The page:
Hands On: Amazon’s New Kindle Paperwhite Is a Really, Really Refined E-Reader

A great e-reader for serious readers is getting just a little bit better still.


Last  September 30, I reviewed Amazon’s Kindle Paperwhite e-reader, the latest in a long line of Kindles with monochrome E Ink displays, focused on book reading rather than video, music, apps, games and other fancy stuff. I thought it was the best Kindle yet — including the Kindle Fire models, which do let you do the fancy stuff — and one of the year’s best products, period.

This year, the Kindle Paperwhite becomes obsolete on September 30. Or, more precisely, that’s the day that the Paperwhite I liked so much gets replaced by a new one with the same snappy name. Amazon briefed me on the upcoming model today, and I got a bit of time to try it out.

The original Paperwhite is far better than the Kindle Touch it replaced, mostly because of its display. And the best thing about that 6″ screen is that it sported battery-sipping LED illumination that you can leave on all the time, and still get weeks of life between charges. It makes the screen attractive and legible and generally paper-like in any lighting environment, from a darkened bedroom to the beach.

The new Paperwhite, however, isn’t a similar radical improvement over its predecessor. Instead, it’s still the Paperwhite — in virtually the same case — only with lots of little improvement. It’s an ultra-refined version of what was already the most refined product in its category.

I just said that the earlier Paperwhite’s screen is “attractive and legible,” but that statement needs to be asterisked. In some environments, the illumination is a tad uneven along the bottom edge of the screen where the LEDs beam light onto the page. It doesn’t interfere with the words on the page, but does remind you that you were holding an electronic device rather than a magical dead-tree book.

Amazon says that it’s pretty much eliminated that visual faux pas in the new Paperwhite, and indeed, I couldn’t detect any unevenness when I checked the e-reader out. The Paperwhite uses a new version of the E Ink technology, exclusive to Amazon, with 25 percent better contrast. The unsightly flashing effect when you flip the page happens only rarely, as long as it’s a text-only book — maybe as rarely as once per chapter, according to Amazon.

The new model uses an improved, more responsive touch screen, and a zippier processor that lets you open books, turn pages and perform other tasks with less delay. In the time I had with the e-reader, it got closer than any previous Kindle to accomplishing what Jeff Bezos has always said is the overarching goal: disappearing in your hands. And Amazon says that it’ll still run for eight weeks on a charge if you read for half an hour a day.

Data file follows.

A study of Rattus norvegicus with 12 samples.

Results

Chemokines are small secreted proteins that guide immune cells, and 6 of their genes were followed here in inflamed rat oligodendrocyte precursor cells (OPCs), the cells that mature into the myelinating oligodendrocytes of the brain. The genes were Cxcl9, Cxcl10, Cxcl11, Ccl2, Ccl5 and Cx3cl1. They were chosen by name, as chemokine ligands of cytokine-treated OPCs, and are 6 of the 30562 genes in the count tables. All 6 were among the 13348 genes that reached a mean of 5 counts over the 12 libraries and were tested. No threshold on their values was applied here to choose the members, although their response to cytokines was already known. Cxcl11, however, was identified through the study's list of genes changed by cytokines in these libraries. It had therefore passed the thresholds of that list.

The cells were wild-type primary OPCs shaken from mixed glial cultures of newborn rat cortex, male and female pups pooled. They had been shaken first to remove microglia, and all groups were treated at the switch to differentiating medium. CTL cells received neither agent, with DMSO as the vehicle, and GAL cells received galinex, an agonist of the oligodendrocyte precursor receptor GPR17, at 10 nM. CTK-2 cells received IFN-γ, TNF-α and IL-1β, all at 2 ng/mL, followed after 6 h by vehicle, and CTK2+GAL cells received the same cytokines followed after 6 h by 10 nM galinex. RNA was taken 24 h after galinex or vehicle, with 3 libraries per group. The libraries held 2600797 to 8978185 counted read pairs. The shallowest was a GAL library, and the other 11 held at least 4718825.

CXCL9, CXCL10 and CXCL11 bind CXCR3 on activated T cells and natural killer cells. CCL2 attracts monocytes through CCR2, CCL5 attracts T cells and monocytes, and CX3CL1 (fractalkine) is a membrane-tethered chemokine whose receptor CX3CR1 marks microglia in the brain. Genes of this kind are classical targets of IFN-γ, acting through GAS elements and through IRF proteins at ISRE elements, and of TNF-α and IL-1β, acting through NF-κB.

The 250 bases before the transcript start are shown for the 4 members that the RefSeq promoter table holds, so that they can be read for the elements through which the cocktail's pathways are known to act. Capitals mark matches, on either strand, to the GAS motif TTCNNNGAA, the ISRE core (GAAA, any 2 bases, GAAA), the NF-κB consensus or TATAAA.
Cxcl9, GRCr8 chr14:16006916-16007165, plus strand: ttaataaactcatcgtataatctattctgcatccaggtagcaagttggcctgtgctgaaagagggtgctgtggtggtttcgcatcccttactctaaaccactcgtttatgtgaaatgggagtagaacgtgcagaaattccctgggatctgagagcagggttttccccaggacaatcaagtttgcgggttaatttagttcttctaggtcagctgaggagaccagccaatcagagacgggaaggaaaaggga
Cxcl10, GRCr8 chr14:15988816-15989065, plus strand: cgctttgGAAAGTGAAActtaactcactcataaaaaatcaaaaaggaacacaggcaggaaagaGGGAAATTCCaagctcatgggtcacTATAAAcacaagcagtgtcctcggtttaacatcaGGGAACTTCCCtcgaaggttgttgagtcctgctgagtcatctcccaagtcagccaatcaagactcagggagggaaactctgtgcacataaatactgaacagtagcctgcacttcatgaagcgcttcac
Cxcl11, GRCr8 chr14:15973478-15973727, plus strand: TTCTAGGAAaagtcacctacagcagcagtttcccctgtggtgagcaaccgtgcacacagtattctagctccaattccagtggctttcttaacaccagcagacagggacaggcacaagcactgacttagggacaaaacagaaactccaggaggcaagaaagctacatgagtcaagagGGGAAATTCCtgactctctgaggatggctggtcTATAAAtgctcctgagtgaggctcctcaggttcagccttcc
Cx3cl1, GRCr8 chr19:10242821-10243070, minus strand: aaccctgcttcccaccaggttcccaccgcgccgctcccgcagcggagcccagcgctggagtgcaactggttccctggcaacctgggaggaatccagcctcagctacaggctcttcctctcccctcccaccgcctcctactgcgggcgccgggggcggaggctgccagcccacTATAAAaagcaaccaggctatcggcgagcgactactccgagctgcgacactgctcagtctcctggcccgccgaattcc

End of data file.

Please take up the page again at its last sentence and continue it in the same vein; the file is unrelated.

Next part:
From a software standpoint, the new Paperwhite is also more polished than the original model. The X-Ray feature — which lets you pull up information on the book as you read — sports some improvements: If you ask for a definition of a word with more than one meaning, it’s more likely to provide information on the most appropriate meaning given the context of the book. Another feature called Vocabulary Builder lets you review words you’ve looked up as you’ve read Kindle books.

A neat new navigational option lets you scrub backwards and forwards in a book to see other pages without leaving the one you’re on. That’s the closest thing I’ve seen yet to a digital equivalent of one of the most pleasing things about paper publications: how easily they let you flip back and forth between two places. Footnotes also pop up in place now on the page they reference rather than forcing you to bop around.

Two other software features won’t be available when the new Paperwhite ships at the end of this month, but Amazon plans to release them as a software update by Thanksgiving time. One is a version of FreeTime, the Kindle feature already on Kindle Fire models that lets parents turn a Kindle over to a kid with certain restrictions and incentives. (You can block which books they can read, lock out the Kindle Store and set allotted reading times; kids can also receive badges for achievements such as reading for a given amount of time or completing a book.)

The other still-to-come feature is a built-in version of GoodReads, the social network for book lovers Amazon acquired in May. Once it’s in there, GoodReads members will be able to show their pals what they’re reading from within the Kindle interface.

Like the model it’s replacing, the new Paperwhite is $119 for a Wi-Fi version or $189 with built-in 3G for downloading books. A more bare-bones Kindle, without the illuminated touch screen and latest version of E Ink, remains in the lineup at $69.

As nice as this e-reader looks, I don’t think owners of the current-generation model will be crushed to learn they’re about to become owners of previous-generation Paperwhites. The new features aren’t that enticing. Mostly, I’m happy that the e-reader category remains popular enough that Amazon is still updating the Kindle as briskly as it ever did. (It isn’t alone, either: Kobo, one of its underdog rivals, also just announced a fancy new e-reader.)

And current Paperwhite owners who do covet the new model’s goodies may eventually get some of them: Amazon says that it hopes to release a software update for the original model, giving it new features that aren’t contingent on the latest model’s upgraded hardware and faster processor. Sounds good to me — I own the current model and keep it on my nightstand, even though I do most of my e-reading on my phone and iPad.